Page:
Now showing 1 - 10 of 16
    The increasing availability of digital collections of historical texts presents a wealth of possibilities for new research in the humanities. However, the scale and heterogeneity of such collections raises significant challenges when researchers attempt to find and extract relevant content. This work describes Curatr, an online platform that incorporates domain expertise and methods from machine learning to support the exploration and curation of large historical corpora. We discuss the use of this platform in making the British Library Digital Corpus of 18th and 19th century books more accessible to humanities researchers.
    Recently, considerable attention has been paid to word embedding algorithms inspired by neural network models. Given a large textual corpus, these algorithms attempt to derive a set of vectors which represent the corpus vocabulary in a new embedded space. This representation can provide a useful means of measuring the underlying similarity between words. Here we investigate this property in the context of annotated texts of 19th-century fiction by the authors Jane Austen, Charles Dickens, and Arthur Conan Doyle. We demonstrate that building word embeddings on these texts can provide us with an insight into how characters group differently under different conditions, allowing us to make comparisons across different novels and authors. These results suggest that word embeddings can potentially provide a useful tool in supporting quantitative literary analysis.
    (Irish Academic Press, 2011-10-31)
    Reflecting in 2008 on the link between her groundbreaking work on gender and her more recent work on war, Judith Butler proposed a relationship between liveable and grievable lives: 'it is very often a struggle to make certain kinds of lost life publicly grievable'. This essay takes Butler's exploration of the 'politics of mourning' as its starting place for a reading of The Gathering and of the short story, 'My Little Sister' from Taking Pictures.
    Word embeddings represent a powerful tool for mining the vocabularies of literary and historical text. However, there is little research demonstrating appropriate strategies for representing text and setting parameters, when constructing embedding models within a digital humanities context. In this paper we examine the effects of these choices using a case study involving 18th and 19th century texts from the British Library. The study demonstrates the importance of examining implicit assumptions around default strategies, when using embeddings with literary texts and highlights the potential of quantitative analysis to inform critical analysis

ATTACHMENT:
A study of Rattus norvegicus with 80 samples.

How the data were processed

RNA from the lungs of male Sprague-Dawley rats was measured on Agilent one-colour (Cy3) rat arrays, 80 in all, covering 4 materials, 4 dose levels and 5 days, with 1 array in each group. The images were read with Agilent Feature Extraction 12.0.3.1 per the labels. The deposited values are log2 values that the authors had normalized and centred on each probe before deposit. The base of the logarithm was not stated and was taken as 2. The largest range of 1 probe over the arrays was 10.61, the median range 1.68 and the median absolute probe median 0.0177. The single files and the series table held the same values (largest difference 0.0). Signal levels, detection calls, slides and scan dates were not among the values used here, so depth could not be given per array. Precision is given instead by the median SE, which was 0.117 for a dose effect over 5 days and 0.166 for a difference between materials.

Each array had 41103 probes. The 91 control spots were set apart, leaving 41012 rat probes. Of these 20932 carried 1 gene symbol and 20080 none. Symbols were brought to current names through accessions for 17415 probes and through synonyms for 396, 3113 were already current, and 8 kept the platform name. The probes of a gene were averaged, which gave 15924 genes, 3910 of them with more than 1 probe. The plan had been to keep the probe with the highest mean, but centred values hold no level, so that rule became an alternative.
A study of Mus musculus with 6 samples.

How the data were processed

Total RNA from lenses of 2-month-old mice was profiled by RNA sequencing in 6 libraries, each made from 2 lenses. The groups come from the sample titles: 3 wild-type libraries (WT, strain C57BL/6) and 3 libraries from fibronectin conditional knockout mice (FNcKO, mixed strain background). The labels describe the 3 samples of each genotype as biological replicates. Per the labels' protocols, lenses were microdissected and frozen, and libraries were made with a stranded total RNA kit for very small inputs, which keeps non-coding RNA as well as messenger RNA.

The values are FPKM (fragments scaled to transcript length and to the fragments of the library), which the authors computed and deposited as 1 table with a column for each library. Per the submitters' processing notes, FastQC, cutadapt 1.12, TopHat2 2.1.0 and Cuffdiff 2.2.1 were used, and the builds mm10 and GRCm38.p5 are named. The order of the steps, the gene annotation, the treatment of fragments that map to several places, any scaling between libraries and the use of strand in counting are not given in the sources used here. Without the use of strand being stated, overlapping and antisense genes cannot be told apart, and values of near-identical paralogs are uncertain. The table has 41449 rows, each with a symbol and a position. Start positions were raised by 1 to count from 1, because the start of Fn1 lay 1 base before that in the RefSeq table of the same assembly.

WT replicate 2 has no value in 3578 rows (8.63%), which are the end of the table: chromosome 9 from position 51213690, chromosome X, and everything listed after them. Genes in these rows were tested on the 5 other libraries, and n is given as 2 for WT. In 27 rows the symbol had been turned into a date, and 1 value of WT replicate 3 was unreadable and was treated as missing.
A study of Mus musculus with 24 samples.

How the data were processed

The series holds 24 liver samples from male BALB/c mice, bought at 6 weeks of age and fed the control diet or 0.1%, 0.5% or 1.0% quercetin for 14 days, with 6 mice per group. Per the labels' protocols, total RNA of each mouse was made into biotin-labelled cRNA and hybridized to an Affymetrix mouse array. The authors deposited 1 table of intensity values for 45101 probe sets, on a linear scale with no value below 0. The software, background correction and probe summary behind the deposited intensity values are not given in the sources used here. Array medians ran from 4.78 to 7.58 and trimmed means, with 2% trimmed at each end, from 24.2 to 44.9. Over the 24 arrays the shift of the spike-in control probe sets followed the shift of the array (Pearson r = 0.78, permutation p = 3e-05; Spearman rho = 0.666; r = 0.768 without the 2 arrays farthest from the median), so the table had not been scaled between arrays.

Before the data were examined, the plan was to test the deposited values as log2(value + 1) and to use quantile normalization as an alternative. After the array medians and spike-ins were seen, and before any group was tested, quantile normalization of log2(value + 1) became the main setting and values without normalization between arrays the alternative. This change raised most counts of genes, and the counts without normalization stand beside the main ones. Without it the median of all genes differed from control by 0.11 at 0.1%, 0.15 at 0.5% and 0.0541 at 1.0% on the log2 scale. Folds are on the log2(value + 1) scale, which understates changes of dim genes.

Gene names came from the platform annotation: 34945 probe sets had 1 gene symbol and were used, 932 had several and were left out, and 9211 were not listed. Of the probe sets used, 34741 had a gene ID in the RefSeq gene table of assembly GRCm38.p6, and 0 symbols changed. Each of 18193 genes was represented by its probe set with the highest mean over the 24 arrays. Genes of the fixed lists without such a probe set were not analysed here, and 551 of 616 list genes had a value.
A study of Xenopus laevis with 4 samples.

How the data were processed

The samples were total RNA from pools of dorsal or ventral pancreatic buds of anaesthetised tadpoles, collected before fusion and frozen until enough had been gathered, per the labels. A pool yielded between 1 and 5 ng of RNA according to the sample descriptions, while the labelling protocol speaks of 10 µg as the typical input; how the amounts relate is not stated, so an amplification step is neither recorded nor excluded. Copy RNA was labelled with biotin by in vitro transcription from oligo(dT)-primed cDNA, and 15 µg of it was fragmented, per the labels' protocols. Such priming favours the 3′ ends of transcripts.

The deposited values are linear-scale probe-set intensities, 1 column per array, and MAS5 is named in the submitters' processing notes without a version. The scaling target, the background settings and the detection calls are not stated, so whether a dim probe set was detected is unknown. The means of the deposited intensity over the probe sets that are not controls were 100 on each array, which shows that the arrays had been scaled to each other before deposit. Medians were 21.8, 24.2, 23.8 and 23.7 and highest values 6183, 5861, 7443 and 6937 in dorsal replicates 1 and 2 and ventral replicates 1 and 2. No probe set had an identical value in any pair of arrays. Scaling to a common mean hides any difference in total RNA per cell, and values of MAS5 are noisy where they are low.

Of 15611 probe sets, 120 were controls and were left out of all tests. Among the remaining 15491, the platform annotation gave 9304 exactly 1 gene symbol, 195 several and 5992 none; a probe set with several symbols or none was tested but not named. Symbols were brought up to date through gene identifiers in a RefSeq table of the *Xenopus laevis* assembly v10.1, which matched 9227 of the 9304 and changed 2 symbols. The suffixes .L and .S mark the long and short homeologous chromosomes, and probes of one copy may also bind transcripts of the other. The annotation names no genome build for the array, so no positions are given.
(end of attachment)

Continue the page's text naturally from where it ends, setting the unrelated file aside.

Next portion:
Algorithmic bias has the capacity to amplify and perpetuate societal bias, and presents profound ethical implications for society. Gender bias in algorithms has been identified in the context of employment advertising and recruitment tools, due to their reliance on underlying language processing and recommendation algorithms. Attempts to address such issues have involved testing learned associations, integrating concepts of fairness to machine learning, and performing more rigorous analysis of training data. Mitigating bias when algorithms are trained on textual data is particularly challenging given the complex way gender ideology is embedded in language. This paper proposes a framework for the identification of gender bias in training data for machine learning. The work draws upon gender theory and sociolinguistics to systematically indicate levels of bias in textual training data and associated neural word embedding models, thus highlighting pathways for both removing bias from training data and critically assessing its impact in the context of search and recommender systems.
    Scopus© Citations 21  260
    (Chelsea House, 2009)
    Long Day's journey into Night may seem a strange starting place for a feminist analysis of modernism and post-modernism. Yet even the most conservative criticism reads this play as an enactment and embodiment of loss, specifically loss of the mother. That loss is rarely seen in the context of a more general "loss", a cultural loss of legitimacy and authenticity, endemic in and enabling modernism, articulated as "disinheritance" by an Other "coded as feminine."